The primary difference between the two proposals is that instead of allowing Lumbermen's to form its own taxing fiefdom, the City is delaying annexation for 15 years — a value of $44 million in public subsidies to the developer. And since the City used a maneuver — albeit a legal one — befitting a game of three-card monte, the plan is not subject to a referendum because state law requires public hearings on annexations. (Considering how City Council patronizes the public by talking on the phone when citizens are addressing them (see "Party Lines," page 7) — these hearings are charades for public input.)
Prompted by what SOA calls the "switcheroo" — the new proposal is functionally the same, the group charges — activists are suing the City in federal court, claiming it violated the Voting Rights Act, 14th Amendment, and Texas Open Meetings Act.
"This is a transparent circumvention," said Amy Kasteli, SOA's lawyer, one of the same attorneys who represented the Esperanza Center in its winning suit against the City. "They want to reintroduce it and claim a different ruling."
"It was a slap in the face to the people and the voters in San Antonio," added SOA's Joleen García. "Now there is no accountability on the next action. It looks like they're evading the people's voice and their wishes. We're asking Council to honor the process."
The current development proposal also provides fewer protections for the Edwards Aquifer. In addition to the two golf courses and hotel, the new proposal calls for about 4,000 housing units — only about 2,000 fewer than if Lumbermen's opted to make the development solely residential. Hydrologist George Rice, who is running for a seat on the Edwards Aqufier Authority board, said the effect on water quality will be the same "whatever Lumbermen's puts there."
An Austin study done in the mid-'90s showed the effects of golf courses and low-density housing on water quality are about the same; there are no studies, Rice said, comparing golf courses and high-density housing.
Although Lumbermen's pledges to monitor its groundwater and surface water, Rice called that promise "a loose use of the term," because the developer can implement as few as three monitoring wells on four square miles. Nor is the developer required to monitor water runoff outside the property boundaries. "The chances of detecting groundwater contamination isn't that great," Rice noted.
"When they've said this is a different proposal, they're missing the picture," noted Joleen García, who is not related to Councilman David Garcia. "It's a public subsidy of a project that is dangerous to our water. For all intents and purposes it's the same and factual in that respect."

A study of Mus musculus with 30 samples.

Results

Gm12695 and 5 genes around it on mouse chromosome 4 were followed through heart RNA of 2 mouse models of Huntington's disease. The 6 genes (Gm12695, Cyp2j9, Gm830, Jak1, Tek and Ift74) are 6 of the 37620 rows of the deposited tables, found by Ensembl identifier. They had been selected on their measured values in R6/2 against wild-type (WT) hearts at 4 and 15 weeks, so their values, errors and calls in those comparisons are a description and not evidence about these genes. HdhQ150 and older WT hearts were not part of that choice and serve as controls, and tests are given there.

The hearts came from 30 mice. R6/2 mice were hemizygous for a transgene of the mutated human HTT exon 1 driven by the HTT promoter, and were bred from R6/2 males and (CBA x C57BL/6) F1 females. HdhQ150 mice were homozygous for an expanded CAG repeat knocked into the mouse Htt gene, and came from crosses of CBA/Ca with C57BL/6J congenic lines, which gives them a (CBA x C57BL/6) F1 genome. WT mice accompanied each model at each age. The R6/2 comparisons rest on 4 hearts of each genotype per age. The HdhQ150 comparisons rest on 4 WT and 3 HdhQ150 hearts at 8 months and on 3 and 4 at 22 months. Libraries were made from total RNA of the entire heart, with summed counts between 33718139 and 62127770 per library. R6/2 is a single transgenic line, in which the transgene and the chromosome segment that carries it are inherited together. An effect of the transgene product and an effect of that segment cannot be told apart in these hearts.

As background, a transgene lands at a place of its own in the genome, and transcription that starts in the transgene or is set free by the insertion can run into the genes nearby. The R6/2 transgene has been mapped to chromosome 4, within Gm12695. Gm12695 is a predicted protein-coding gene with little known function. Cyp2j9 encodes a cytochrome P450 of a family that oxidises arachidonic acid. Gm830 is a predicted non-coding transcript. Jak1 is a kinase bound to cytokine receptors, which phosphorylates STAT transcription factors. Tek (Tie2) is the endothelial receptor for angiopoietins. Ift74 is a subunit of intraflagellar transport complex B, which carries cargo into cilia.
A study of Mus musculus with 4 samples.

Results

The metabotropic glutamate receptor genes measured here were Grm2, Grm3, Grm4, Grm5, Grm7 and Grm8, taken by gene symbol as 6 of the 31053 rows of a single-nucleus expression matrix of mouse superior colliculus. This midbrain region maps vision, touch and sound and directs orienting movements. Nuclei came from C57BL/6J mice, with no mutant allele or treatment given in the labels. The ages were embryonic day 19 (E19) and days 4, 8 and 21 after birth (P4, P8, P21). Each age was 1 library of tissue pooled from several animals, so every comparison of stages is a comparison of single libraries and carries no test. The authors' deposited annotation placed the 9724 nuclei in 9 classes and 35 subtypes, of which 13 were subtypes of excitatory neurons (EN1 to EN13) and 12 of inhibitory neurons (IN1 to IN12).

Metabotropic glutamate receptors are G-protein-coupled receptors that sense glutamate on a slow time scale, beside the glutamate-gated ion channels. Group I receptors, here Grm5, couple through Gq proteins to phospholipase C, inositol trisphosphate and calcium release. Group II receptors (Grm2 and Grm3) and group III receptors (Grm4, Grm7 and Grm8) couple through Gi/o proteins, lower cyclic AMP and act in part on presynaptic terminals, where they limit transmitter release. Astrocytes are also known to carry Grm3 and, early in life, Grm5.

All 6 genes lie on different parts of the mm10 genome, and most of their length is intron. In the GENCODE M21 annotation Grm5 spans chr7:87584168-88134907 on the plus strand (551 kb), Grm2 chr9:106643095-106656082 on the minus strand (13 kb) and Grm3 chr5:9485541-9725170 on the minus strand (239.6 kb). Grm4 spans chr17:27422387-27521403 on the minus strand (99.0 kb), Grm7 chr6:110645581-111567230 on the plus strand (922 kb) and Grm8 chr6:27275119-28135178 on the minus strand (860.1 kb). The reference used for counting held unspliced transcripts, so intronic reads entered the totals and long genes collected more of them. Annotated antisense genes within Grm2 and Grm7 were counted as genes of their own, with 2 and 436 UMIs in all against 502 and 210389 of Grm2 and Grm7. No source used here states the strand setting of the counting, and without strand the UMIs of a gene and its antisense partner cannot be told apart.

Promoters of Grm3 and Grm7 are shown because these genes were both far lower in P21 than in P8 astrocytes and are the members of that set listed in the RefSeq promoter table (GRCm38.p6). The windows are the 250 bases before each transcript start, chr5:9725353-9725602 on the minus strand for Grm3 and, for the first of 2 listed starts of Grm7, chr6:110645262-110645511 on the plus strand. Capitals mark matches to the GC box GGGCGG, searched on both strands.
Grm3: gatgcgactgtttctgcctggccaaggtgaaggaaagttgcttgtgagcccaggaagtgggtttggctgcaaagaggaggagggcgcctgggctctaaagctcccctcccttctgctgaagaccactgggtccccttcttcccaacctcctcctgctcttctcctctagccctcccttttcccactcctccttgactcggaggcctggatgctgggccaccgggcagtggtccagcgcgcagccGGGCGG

The Council's spin on the PGA is dizzying. District 8's Bonnie Conner blamed Save Our Aquifer for supporting a petition drive — not elected officials' refusal to represent their constituents' wishes — for this subpar plan. "Save Our Aquifer is an oxymoron," Conner stated at the meeting. "We have lost open space and not saved more of the aquifer."
Bobby Perez of District 1 chimed in: "Unfortunately we couldn't utilize that `previous` agreement in order to respect 75,000 opposing signatures."
Yet Perez and the rest of Council fails to acknowledge that pushing through a substantively similar plan — even though they have the power to kill it — is not respecting the 77, 000 registered voters who want to decide the future of PGA in San Antonio.
It is also ironic that several Council members berated the media and activists for what District 5's David Garcia described as "innuendo."
"Make sure you get educated on the facts," advised Garcia, who, coincidentally, is being investigated by the District Attorney's office for allegedly confusing the facts on the number of hours he worked as a court-appointed attorney.
How soon Council forgets about the misinformation campaign that Lumbermen's used earlier this year: Threatening to build 9,000 homes on the 2,800 acres was nothing more than a public relations ruse, one that hoodwinked most Council members until April 5, the night of the original vote on the project. Only then did Lumbermen's — prompted by pointed cross-examination from District 7's Julian Castro — reveal that such a number was pure fantasy.
Castro opposed the original plan, but now says it's "essential" that the PGA land in San Antonio. Yet, he was the lone voice of concern that the Council was ignoring citizens' wishes by using the referendum-immune annexation as a way to lure back the golf mecca. He mentioned other forms of corporate welfare — tax abatements and tax increment financing districts — that could have been used as incentives, and still have been subject to a public vote. "I'm concerned that citizens don't have a chance to redress their government," Castro said.
A greater concern is that when citizens are able to redress City government, it finds a way to shirk its responsibility to the voters — even if it means shifting the blame to them.